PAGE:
Agriculture and Environment: Salmon
Environmental Impacts of Production: Wild & Farmed Fish
The introduction of a species to an area inevitably has unforeseen consequences. Salmon that escape from aquaculture operations can cause a wide range of impacts including competition for food and spawning habitat with both wild salmon and other species.
Escapes can interbreed and can cause genetic pollution that reduces the hardiness of wild salmon. Also, they can spread diseases that either did not previously exist in the area or were not previously a problem for wild populations.
There are large numbers of escapes. In Norway as many as 1.3 million salmon escape each year, and a full third of the salmon spawning in coastal rivers are of escaped origin. In 1997, 300,000 salmon escaped in Puget Sound in a single instance when net cages were ripped open accidentally (Weber 1997).
In 2000 an estimated 500,000 fish escaped in Scotland (Berry and Davison 2001). The year before, there were 16 reported escape incidents involving 440,000 farmed fish. Often the escapes involve much smaller numbers (only 10,000 or so might escape as a result of a single accident), but the cumulative impact on an ecosystem over the course of a year can be quite large.
There is considerable evidence that in some areas the escapes are becoming significant populations in their own right. The number of escapes in Scotland has increased more than threefold since 1998, but less than 60,000 wild salmon were caught in 1999. On the West Coast of Scotland, an estimated 22% of the "wild" catch is, in fact, escaped farmed salmon (Staniford 2001). In some of Norway's rivers, there are as many as four escaped farmed salmon for every wild one (Ellis and Associates 1996).
With an estimated half a million escapes in 2000 off the Scottish coast, farmed fish and wild fish may be interbreeding. As farmed fish are selectively bred for characteristics favourable for aquaculture, breeding between the two populations could alter the genetic makeup of wildfish and decrease their fitness to survive in the wild environment.
The significance of escapes can be demonstrated by the example of New Brunswick, Canada, where the first salmon farms were built in 1979. Within 4 years, 5% of the salmon in the nearby Magaguadavic River were escaped salmon from the farming operation. By 1995, 90% of the salmon in the river were escapes (Weber 1997). When escapes are an insignificant portion of the population in the wild, they probably pose a rather limited risk. However, when they dominate the numbers in the wild, they can very quickly become one of the major reasons for the demise of wild populations.
Farmers have every incentive to eliminate escapes because represent significant costs for buying and feeding animals. However, in some instances the releases are not accidental. Some 4 million salmon are estimated to have escaped in Chile since the industry started (Claude and Oporto 2000). In 2002 when salmon prices declined, Chilean producers actually released hundreds of thousands of salmon rather than pay to harvest them.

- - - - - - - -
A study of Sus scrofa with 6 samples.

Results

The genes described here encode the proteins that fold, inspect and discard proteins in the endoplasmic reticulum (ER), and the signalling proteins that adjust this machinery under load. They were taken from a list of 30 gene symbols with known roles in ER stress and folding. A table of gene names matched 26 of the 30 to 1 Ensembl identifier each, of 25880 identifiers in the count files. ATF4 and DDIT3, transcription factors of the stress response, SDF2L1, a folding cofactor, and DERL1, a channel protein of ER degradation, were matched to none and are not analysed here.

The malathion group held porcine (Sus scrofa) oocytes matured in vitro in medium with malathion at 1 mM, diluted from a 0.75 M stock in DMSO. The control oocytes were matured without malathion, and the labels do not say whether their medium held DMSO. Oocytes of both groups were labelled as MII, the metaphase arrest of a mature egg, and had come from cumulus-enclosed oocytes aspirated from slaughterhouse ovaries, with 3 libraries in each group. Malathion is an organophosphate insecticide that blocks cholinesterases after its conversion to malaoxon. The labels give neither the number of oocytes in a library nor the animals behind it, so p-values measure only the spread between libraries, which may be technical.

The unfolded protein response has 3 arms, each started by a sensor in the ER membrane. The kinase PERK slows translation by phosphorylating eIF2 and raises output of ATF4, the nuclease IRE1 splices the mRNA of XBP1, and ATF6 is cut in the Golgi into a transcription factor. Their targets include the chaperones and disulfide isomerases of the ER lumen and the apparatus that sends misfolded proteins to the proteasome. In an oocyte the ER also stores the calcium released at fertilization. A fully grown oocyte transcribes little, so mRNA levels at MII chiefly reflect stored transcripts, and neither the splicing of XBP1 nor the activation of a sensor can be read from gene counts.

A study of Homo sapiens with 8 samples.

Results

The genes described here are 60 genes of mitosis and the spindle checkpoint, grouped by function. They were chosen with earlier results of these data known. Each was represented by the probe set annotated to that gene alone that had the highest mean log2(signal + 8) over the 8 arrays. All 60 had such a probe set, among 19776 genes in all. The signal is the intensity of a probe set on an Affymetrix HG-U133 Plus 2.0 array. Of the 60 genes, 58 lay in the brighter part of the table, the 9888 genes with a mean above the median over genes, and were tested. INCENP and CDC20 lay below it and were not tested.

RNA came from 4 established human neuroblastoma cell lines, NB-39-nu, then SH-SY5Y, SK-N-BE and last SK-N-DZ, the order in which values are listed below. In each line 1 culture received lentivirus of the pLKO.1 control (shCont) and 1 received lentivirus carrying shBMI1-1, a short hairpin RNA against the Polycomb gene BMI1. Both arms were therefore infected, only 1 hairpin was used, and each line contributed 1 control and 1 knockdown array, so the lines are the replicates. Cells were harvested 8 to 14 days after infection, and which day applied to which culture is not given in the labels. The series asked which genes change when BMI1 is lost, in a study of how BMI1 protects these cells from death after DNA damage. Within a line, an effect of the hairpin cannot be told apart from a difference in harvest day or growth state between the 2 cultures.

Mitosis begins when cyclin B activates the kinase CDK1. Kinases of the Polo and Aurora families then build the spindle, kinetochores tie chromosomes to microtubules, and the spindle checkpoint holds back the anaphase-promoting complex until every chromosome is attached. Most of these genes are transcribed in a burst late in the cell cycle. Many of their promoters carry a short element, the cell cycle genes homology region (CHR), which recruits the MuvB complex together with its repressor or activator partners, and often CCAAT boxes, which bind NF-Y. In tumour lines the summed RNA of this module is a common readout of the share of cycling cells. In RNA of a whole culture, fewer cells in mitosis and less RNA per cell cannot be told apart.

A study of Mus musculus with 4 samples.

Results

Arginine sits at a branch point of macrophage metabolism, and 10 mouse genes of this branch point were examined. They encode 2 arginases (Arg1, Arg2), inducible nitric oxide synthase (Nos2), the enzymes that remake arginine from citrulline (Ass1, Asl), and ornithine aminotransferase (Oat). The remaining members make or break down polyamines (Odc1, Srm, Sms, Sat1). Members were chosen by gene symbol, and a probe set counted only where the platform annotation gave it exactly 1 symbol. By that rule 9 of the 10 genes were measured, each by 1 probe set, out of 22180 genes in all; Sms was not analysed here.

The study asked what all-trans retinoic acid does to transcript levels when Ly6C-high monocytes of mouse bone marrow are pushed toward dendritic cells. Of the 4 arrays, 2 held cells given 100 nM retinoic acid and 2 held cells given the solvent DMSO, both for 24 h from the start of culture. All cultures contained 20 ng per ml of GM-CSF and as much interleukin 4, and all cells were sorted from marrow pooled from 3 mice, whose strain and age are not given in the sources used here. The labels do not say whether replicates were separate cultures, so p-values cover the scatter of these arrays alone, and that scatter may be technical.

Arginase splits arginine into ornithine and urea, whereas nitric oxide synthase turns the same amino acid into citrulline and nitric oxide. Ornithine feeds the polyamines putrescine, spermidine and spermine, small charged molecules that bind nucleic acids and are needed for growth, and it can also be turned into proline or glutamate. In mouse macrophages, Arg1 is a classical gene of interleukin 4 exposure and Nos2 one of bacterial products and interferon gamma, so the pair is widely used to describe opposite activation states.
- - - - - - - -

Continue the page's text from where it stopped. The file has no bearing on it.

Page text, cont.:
There is another important issue, however, when discussing the issue of escapes. This is the impact of deliberate releases from hatcheries that are intended to increase or even create salmon runs in specific river systems. For more than a century, salmon species have been released throughout the world into a wide range of river systems that did not include salmon previously. In the eastern United States, Alaskan salmon were released more than a 100 years ago in an attempt to reintroduce salmon in rivers where Atlantic salmon were extinct.
In the case of Chile, salmon were released into the wild in 1905, 1914, 1946, and 1952 in an attempt to colonise river systems thought to be suitable but with no comparable fish populations. None of the Chilean releases were successful (Claude and Oporto 2000). The implications of this for wild species are not clear.
Sea lice and other diseases spread by farmed salmon can have a devastating effect on wild salmon and other fish. Researchers found that 86% of wild migrating juvenile salmon in two Norwegian fjords died as a result of sea lice infestations that they contracted while migrating past salmon farms (Pearson and Black 2001, as cited in Berry and Davison 2001).
This contributes to the continuing decline of wild salmon, which in turn upsets the ecological balance in marine and freshwater systems. It also reduces revenue from commercial harvesting and sport fishing. The application of biological engineering to salmon has resulted in the creation and patenting of transgenic, or genetically altered salmon.
There has been pressure on the U.S. Food and Drug Administration to consider a petition to farm and sell the salon within the United States. The faring of such fish further increases the likelihood of salmon aquaculture affecting wild salmon populations as well as other organisms within the environment (Kay 2002).